Movies can be judged along many spectrums. One is the influence it has on the world. This is difficult to measure, but it seems ridiculous to say that a popular movie will have no influence on its audience. Unfortunately, this influence is often used to justify some of our baser censorious instincts. In doing so, I feel like our would-be censors often exaggerate the influence a film has. They also tend to assume that because a movie can be interpreted in some harmful way, that it always will be interpreted that way. By that logic, the Bible is the most dangerous book in the world (that might be a bad example, because there are some who might actually believe that, but I digress). Another spectrum to observe is that a movie is merely reflecting the culture it was created in. This one is particularly weird because it messes with causality. When someone does something horrific that resembles a movie, was it the movie that caused that? Or was the movie merely another expression of the same thing that caused the horrific event in question?
A few years ago, I read a book called Crystal Lake Memories: The Complete History of Friday The 13th. It’s a fascinating book, and not just because I’m inexplicably obsessed with that series of movies. It’s basically set up like an absurdly comprehensive Oral History (only it was published a few years before the concept was repopularized) of all the films. One of the interviewees was Tom McLoughlin, the director of Jason Lives: Friday the 13th Part VI (a Kaedrin favorite).
At one point, he discusses the two sides of the coin about doing a Friday the 13th movie:
A number of years after I did Jason Lives, I was watching an HBO special about teens who kill. They had this boy on there who was about 14. They asked, “Why did you kill your friend’s mom? What could have possibly been going through your head?” And he said, “Jason, man. I was thinking like Jason.” It really affected me-could a movie like this truly influence somebody?
The other side of the coin was that I was once directing a play in San Francisco, an all-out comedy. One night, after a performance, somebody was waiting for me, this very professional guy. He says, “Are you the director?” I said, “Yeah.” He says, “I noticed on your credits that you did one of the Friday the 13th movies.” And I immediately started making excuses. “You know – it was a fun thing, blah blah blah.” And he said, “I didn’t see the movie, but I just wanted to thank you.” I was stunned for a second, and then I asked, “Why?” He says, “Well, I’m a psychologist and we have a clinic up here in San Francisco where we work with disturbed kids. We have them put on these Jason masks and they take out their aggressions on stuffed dummies. By not being themselves and venting what they feel through this character, we’ve had a lot of wonderful breakthroughs. I just wanted to thank whoever is responsible for all this.”
Boy, was that something I didn’t expect to hear. I was just so blown away that somebody of authority and experience thought that Friday the 13th was a positive thing.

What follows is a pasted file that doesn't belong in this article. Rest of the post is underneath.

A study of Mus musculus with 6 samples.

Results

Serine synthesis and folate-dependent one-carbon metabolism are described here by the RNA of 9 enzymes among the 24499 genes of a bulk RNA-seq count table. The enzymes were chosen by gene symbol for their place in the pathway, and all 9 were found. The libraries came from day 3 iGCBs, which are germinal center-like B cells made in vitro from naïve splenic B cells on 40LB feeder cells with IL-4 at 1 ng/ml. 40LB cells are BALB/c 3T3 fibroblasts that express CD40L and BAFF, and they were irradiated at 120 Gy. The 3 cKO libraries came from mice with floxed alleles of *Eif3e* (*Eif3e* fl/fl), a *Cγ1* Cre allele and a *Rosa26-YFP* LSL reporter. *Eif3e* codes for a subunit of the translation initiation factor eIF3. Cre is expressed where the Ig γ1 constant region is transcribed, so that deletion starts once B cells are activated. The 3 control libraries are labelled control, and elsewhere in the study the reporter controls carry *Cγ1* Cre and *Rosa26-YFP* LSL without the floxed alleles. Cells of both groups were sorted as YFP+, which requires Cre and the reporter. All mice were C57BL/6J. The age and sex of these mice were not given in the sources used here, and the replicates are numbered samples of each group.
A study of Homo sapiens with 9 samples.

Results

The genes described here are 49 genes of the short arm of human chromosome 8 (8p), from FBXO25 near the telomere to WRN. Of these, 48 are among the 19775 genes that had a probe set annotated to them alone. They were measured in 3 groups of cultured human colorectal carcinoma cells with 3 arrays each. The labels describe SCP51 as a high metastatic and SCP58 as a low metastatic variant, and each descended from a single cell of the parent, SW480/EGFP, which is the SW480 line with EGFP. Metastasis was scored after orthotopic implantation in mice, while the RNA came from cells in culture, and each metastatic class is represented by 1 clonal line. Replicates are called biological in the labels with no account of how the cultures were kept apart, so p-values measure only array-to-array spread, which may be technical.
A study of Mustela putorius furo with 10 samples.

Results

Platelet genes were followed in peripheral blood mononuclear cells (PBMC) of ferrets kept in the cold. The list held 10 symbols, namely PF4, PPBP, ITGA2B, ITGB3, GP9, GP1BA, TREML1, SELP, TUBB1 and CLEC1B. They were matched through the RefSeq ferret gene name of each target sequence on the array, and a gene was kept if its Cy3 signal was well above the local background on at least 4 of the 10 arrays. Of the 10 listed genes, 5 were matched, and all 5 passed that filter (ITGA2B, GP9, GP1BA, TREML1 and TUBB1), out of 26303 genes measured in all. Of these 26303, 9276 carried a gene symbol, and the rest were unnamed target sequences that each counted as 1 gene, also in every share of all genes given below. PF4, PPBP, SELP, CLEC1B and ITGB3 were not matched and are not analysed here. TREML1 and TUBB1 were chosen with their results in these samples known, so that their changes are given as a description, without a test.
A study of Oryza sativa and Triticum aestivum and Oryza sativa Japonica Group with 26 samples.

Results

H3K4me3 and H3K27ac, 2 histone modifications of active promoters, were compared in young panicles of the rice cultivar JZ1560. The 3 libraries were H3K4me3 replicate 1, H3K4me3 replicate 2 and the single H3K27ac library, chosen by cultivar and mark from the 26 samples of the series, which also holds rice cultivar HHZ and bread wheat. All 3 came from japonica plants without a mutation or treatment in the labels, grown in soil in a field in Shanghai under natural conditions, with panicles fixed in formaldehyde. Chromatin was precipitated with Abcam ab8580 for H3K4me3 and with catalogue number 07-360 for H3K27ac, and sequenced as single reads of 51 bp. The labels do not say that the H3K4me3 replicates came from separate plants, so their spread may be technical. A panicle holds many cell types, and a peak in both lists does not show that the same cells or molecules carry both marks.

I was reminded of this anecdote because I read Yoon Ha Lee’s recent post, The Problem With Problematic:
“But is it hurtful?” you ask.
I feel this is the wrong question.
Individuals are hurt by whatever hurts them. And that’s not always something an author can predict–given the number of individuals in this world that’s a losing proposition, to try to write a work that never hurts anyone. I was not hurt by Palmer’s exploration of gender and society and use of pronouns, but again, trans people are not a monolith; and I want to be clear that people who noped out of the novel because of the pronouns (or any other reason) are entirely within their rights. I do think she was doing something interesting and definitely science fictional and that that’s fine, and that she should not have been prevented from writing with this device.
Let me tackle this from another angle. There is a class of narratives about trans people that hurts me, personally, that I avoid the fuck ever reading if I have a choice in the matter. But that does not mean that this class of narratives should not be written, or even that there should be content warnings for this class of narratives. Because that class of narratives is “trans stories with happy trans characters and happy endings.” I actively find these stories painful to read because they remind me of the suck aspects of my existence and the fact that I’m not getting a happy ending. But does this mean these stories shouldn’t be written? Fuck no! These stories are important and vital, and other readers should get a chance to read them.
All this just to say–readers are so individual in their reactions that “never write something hurtful” is untenable.
I think this is related to the going trend these days, which is to ask authors not to write works that are “problematic.” But what do we really mean by that? Analysis of, say, racist or sexist elements in media is valuable, and we need more of it. But sometimes what I see is not that, but “don’t write problematic works” in the sense of “don’t write things that I consider hurtful.”
The funny thing about this, and the thing that I think surprised McLaughlin is that the opposite is also true. To paraphrase: But is it helpful? Individuals are helped by whatever helps them. And that’s not always something an author can predict. Sometimes it even comes from the most unlikely of sources, like trashy Friday the 13th movies.